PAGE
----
Avoiding summer pain with angina

July 29, 2005

Hot weather may trigger angina, a serious, painful heart condition that affects 6.8 million Americans, many of them over age 65. Summer activities often add to the difficulty. Here are tips from the Preventive Cardiovascular Nurses Association:

Hot weather can raise body temperature and lead to an increase in blood pressure and heart rate. Don't exercise in midday heat. Wear clothing that allows the body to "breathe" and body heat to evaporate.

Exertion can bring on an angina attack, so patients who are already including moderate exercise in their routines should transition slowly into an outdoor exercise routine. If angina occurs during the physical activity: stop, rest and take nitroglycerin if it has been prescribed.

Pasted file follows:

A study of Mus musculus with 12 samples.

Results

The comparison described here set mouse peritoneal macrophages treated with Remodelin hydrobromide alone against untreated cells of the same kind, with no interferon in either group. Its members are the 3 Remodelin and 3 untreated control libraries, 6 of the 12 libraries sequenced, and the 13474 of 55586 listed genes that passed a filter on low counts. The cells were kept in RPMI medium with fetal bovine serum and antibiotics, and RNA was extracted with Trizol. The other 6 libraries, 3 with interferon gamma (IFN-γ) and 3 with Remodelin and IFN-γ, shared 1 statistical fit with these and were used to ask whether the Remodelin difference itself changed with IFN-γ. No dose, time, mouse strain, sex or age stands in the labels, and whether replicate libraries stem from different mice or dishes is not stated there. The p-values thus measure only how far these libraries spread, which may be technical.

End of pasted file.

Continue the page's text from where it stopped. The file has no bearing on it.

For the many patients who rely on nitroglycerin to counter attacks of chest pain, keep it accessible during travel. The stress of airport lines, train delays and long car rides can trigger angina, so it's important to put nitroglycerin and other medications in a carry-on bag, in containers that are clearly labeled as prescriptions. Take physician and prescription information with you.

Use common sense at family outings. Avoid overexertion -- playing ball with grandchildren or eating too much fatty food -- at a picnic. If the gathering turns into a squabble, gently but firmly refuse to get involved or upset.

For more tips, visit www .LifeHeart.com or call 866-488-1212 for a free handbook.

Baltimore Sun Articles
|
|
|
Please note the green-lined linked article text has been applied commercially without any involvement from our newsroom editors, reporters or any other editorial staff.